Although a majority of health care providers still purchase out-of-the-box solutions from vendors, many are starting to use an outsourced services vendor to either supplement part of the revenue cycle or handle the entire process (patient access, mid-cycle, and back-end functions). Outsourced RCM services allow health care organizations to focus on care delivery and delegate a vendor's skillset to areas that lack internal resources or expertise. Additional benefits of outsourced services may include reduced administrative overhead expenses, consistent billing practices, improved audit compliance, and optimized staff productivity.
If your organization is considering an outsourced RCM service, here are some factors to include in your vendor assessment:
- Cost. Price is typically one of the first considerations (particularly for smaller health care institutions) as it is difficult to assess whether it is most cost effective to handle RCM processes internally or through a third party. A vendor should be able to show how its experts can obtain higher overall collections in order to cover the cost of service.
- Focus. Current revenue cycle IT solutions offer multiple core functionalities and "bolt-on" features, some of which also integrate with clinical platforms, such as electronic health records. Given this range of features and types of IT infrastructure, buyers need to identify the areas of their RCM platform that would benefit the most from outsourced services. Components of the revenue cycle that are typically outsourced include denials management, coding, patient collections, insurance follow-up, payer contract management, and authorizations.
- Strategy. Establish clear goals and timeframes with your vendor partners. Many health care organizations are opting for outsourced services as a stop-gap measure until they figure out next steps or anticipate new regulatory changes. You should seek out vendors that will collaborate and train internal staff for long-term success, allowing the organization to potentially regain complete control of the revenue cycle in future years.
- Experience.The health care revenue cycle is complex and labor-intensive. Hiring an inexperienced RCM vendor could result in increased bad debt or even regulatory violations. Seek out vendors that have demonstrated the ability to stay up-to-date with industry changes, such as by implementing RCM capabilities to address value-based and alternative payment models.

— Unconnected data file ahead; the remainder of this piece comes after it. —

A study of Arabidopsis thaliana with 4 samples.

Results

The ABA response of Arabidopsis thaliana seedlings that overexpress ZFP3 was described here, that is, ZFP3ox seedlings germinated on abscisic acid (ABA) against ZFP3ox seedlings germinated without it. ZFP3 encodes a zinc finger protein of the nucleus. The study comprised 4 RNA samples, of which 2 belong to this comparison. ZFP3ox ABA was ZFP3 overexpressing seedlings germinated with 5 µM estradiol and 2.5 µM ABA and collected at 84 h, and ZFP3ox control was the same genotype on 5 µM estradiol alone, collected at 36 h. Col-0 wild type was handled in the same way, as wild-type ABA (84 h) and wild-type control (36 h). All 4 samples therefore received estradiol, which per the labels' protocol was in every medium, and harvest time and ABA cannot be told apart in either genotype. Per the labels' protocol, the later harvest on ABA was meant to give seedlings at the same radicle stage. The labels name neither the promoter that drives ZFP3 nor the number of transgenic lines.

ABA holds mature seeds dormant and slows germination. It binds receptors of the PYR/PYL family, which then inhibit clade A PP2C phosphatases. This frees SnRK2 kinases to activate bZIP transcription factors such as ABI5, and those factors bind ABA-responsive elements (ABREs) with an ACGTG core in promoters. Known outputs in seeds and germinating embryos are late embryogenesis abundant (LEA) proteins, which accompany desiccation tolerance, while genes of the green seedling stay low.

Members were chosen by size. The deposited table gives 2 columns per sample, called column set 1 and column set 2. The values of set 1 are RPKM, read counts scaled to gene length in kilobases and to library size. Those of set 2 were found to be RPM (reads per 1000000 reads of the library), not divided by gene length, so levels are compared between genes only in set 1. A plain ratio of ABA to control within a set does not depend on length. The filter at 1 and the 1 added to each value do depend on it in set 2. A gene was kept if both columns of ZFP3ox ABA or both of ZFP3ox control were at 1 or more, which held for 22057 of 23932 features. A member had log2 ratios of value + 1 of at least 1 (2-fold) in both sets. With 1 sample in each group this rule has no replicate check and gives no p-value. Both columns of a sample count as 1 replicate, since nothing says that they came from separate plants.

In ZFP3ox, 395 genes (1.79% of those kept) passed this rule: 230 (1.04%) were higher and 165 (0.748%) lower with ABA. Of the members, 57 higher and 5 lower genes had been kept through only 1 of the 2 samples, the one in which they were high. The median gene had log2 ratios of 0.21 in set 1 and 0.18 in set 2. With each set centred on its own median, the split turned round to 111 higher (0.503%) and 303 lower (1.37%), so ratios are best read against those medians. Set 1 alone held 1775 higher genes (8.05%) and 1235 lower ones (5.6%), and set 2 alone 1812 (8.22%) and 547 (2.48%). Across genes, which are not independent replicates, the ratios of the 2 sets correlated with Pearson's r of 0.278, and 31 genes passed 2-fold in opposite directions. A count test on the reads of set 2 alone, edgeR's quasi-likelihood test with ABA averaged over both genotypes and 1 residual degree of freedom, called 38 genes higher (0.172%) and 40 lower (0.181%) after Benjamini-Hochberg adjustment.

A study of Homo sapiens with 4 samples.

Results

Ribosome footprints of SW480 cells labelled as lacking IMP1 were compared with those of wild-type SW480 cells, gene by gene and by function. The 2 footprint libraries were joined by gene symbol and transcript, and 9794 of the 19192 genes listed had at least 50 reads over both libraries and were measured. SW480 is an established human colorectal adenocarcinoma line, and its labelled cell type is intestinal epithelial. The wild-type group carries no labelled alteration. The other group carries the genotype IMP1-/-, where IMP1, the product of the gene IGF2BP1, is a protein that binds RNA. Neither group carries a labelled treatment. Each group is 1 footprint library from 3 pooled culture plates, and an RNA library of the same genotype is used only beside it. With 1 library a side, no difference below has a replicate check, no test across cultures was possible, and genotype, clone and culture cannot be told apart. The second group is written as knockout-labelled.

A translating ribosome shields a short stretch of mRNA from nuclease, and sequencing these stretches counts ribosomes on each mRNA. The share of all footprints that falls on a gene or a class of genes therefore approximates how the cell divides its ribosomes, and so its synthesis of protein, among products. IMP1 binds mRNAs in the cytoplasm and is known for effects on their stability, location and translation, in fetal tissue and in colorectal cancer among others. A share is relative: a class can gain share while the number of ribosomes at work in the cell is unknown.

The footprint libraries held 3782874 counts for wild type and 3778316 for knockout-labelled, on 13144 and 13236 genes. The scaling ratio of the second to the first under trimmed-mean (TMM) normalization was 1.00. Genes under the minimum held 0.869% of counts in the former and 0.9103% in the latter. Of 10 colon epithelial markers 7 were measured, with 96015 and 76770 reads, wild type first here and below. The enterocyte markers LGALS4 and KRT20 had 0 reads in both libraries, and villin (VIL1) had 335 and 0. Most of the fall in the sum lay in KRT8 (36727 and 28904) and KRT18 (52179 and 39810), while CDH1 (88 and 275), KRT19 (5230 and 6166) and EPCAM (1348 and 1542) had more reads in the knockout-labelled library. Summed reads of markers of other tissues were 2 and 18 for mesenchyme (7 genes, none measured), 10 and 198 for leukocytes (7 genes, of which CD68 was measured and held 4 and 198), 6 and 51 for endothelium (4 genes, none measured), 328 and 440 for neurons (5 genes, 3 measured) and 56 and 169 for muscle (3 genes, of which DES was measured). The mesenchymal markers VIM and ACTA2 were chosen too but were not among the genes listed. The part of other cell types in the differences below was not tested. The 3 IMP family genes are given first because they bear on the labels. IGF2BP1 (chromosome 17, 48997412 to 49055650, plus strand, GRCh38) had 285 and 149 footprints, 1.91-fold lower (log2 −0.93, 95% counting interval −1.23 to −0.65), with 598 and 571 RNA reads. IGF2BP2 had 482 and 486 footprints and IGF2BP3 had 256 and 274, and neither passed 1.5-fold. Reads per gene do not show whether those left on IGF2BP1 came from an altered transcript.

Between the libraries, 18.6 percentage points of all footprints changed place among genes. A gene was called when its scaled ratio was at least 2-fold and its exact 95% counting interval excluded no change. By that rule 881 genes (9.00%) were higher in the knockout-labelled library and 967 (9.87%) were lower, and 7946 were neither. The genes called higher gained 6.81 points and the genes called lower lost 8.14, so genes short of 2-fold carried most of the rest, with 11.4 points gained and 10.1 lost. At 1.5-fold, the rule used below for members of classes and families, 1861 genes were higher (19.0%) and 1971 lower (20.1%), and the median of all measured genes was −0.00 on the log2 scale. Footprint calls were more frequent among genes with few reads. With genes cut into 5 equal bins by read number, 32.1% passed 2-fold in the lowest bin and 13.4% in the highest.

Apart from the vendor assessment, there are some additional IT considerations you should be aware of:
- Proprietary technology. Some vendors rely on proprietary IT for their RCM services and either sell their technology to customers for long-term use, or provide access to their solutions only for the length of the service contract. If your team purchases the technology, this often requires additional training to ensure internal staff can use the solution once the vendor finishes the implementation. You should clarify ownership rights to software and data prior to entering any service agreement.
- Features. The traditional IT functions of RCM will change as alternative payment models become more common and reimbursements increasingly rely on clinical outcomes. Outsourced RCM solutions should accurately monitor risk-based contracts and include additional features that integrate financial and clinical data for quality reporting, such as contract modeling tools, population tracking, savings and penalty calculations, and prospective funds disbursements.
- Performance transparency. In order to ensure a return on investment your team should be able to quickly assess the status of the outsourced revenue cycle, including claims, backlogs or accounts receivable balances. This transparency can be provided through real-time reports or dashboards to help monitor outsourced services at any time. Those organizations that outsource select parts of their revenue cycle should ensure proper interoperability between their internal systems and the functions handled by the vendor.